Author Topic: Tent Stove  (Read 6797 times)

Offline Badhog

« on: July 09, 2014, 01:26:56 PM »
I found a company who modifies tents for a stove jack and now am in need of stove recommendations. Are there any lightweight alternatives to the Kifaru?

Offline Rangeboss

« Reply #1 on: July 09, 2014, 01:32:14 PM »
I have a stove from Cabelas I use in my outfitters tent for heat. It weighs 100 lbs and is all steel. ... this  Kifaru looks like a light weight alternative. About the same price...

Offline archer

« Reply #2 on: July 09, 2014, 03:14:56 PM »

Offline r_w

« Reply #3 on: July 09, 2014, 03:24:12 PM »
Four dog stoves
hill people gear
titanium goat
Ed T

Offline Badhog

« Reply #4 on: July 09, 2014, 05:18:48 PM »
Darn, I was hoping there would only be one or two good choices to make it easy. Which of the ones suggested would be the most stable and durable while not killing my back taking it from the car to the site?

Offline r_w

« Reply #5 on: July 09, 2014, 05:50:57 PM »
They are all good.  The biggest tradeoff is pack-ability vs. ease of assembly.  You do want to be able to put it together with hands numb from the cold and tired from a hard day's hike. 

If you are carrying on your back, the four dogs are probably out.  They are awesome and bulletproof, but don't collapse and are heavy (at least compare to Kifaru).  Asking for a lightweight alternative to Kifaru was kind of an eyebrow raiser...

EdT and TiGoat are really similar--I'm not sure who copied who (but I can guess).  Kind of a PITA to put together on a good day, IMO. But extremely packable.  Not a fan of cooking on a rounded top, either. 

Hill People's seems to be a good compromise on weight/usability/packability, but I didn't see it available on their site right now.  Flat top, solid legs, most parts captured or contained.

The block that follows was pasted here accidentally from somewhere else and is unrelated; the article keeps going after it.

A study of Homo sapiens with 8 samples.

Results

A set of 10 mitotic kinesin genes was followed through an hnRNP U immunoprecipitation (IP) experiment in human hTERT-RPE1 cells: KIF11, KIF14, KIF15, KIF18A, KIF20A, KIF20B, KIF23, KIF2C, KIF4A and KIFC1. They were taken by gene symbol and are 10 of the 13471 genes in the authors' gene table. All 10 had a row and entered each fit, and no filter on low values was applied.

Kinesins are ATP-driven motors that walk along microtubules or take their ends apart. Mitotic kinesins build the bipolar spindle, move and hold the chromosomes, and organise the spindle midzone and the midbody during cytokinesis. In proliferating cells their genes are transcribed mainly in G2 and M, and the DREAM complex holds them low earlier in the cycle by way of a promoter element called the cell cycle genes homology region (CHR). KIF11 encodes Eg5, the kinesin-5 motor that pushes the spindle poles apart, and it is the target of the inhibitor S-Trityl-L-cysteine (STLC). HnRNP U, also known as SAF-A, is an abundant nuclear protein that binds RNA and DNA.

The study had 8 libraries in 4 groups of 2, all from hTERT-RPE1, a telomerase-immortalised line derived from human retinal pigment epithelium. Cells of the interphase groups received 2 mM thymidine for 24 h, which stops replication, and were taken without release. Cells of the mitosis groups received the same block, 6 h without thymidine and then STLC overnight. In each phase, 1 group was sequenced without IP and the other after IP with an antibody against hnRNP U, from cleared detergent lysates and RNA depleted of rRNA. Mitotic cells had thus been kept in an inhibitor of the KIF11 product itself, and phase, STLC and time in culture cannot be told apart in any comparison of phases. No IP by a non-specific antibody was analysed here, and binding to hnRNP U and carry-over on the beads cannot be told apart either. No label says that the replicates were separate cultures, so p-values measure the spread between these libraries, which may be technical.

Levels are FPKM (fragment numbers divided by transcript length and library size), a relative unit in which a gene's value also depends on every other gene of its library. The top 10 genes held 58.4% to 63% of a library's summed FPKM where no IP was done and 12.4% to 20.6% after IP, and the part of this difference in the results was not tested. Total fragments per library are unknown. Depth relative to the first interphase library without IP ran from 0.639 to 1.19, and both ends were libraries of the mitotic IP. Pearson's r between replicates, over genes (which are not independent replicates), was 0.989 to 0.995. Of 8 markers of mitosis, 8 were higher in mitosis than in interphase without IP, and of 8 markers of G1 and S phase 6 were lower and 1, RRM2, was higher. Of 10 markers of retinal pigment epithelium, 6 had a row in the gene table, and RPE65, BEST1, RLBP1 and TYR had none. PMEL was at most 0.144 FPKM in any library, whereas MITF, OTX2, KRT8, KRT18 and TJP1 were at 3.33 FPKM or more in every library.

I did not compare prices for any of them.

One note:  A good deal of weight of the Kifaru used to be in the pipe (assume the same is true for hillpeople).  Switching out just the pipe to a TiGoat pipe saved a fair bit of weight if you have a tall pipe. 




nelson96

« Reply #6 on: July 09, 2014, 08:25:44 PM »
I found a company who modifies tents for a stove jack and now am in need of stove recommendations. Are there any lightweight alternatives to the Kifaru?

First, things to consider:
How big is your tent?
How cold of weather will you camp in?

Keep in mind:
Light weight stoves will wear out quicker. 
Smaller stoves have less burn time requiring more feeding of wood.


Offline Badhog

« Reply #7 on: July 09, 2014, 09:44:04 PM »
6 person tent that's 32 sq feet. I'm not planning on taking it below 20 degrees. If it gets that cold I'm packing up and going home.

Offline r_w

« Reply #8 on: July 10, 2014, 07:24:44 AM »
Hill People also have good DIY instructions if you are so inclined:  http://hillpeoplegear.com/FreeResources/Makeawoodstove/tabid/880/Default.aspx

You also could build a pocket rocket if you can find a metal 5 gallon bucket or popcorn tin. 

If you do build your own, watch out for offgassing of any coatings the first few times.

Offline keebler



« Reply #11 on: July 11, 2014, 12:06:34 AM »
I went with Cylinder Stove.  I put dirt in the bottom to slow wear and tear and after 15 years it is like new.

Offline trekker111

« Reply #12 on: July 11, 2014, 05:18:11 AM »
6 person tent that's 32 sq feet. I'm not planning on taking it below 20 degrees. If it gets that cold I'm packing up and going home.

For a tent that small, I would go with a propane heater and a little ventilation, unless you were camping for weeks on end.

This is what I do, and it has worked down to -10, with a proper sleeping bag  ( I use my army issued intermediate cold Mummy bag). Light the propane heater. Once warm, change into my sleeping clothes consisting of fleece pajama pants, a sweatshirt, a clean pair of thick wool socks, and a fleece watch cap. Open up my sleeping bag and lay a wool blanket inside (I think mine is an old east German army blanket, but I have used the US ones as well. Lay down, wrap up in the blanket, zip the bag most of the way, reach out and shut off the heater, then zip up all the way. Be warm as hell until morning when I reach out with one arm, light the heater, thank the man who invented push button electric ignition, and retreat back to my bag for another 10ish minutes, then get up, get dressed, shut the heater off, and go about my day.

Offline r_w

« Reply #13 on: July 11, 2014, 07:02:31 AM »
Wow, that's only $55?? How can it be that cheap?

made in China of questionable grade and gauge of steel.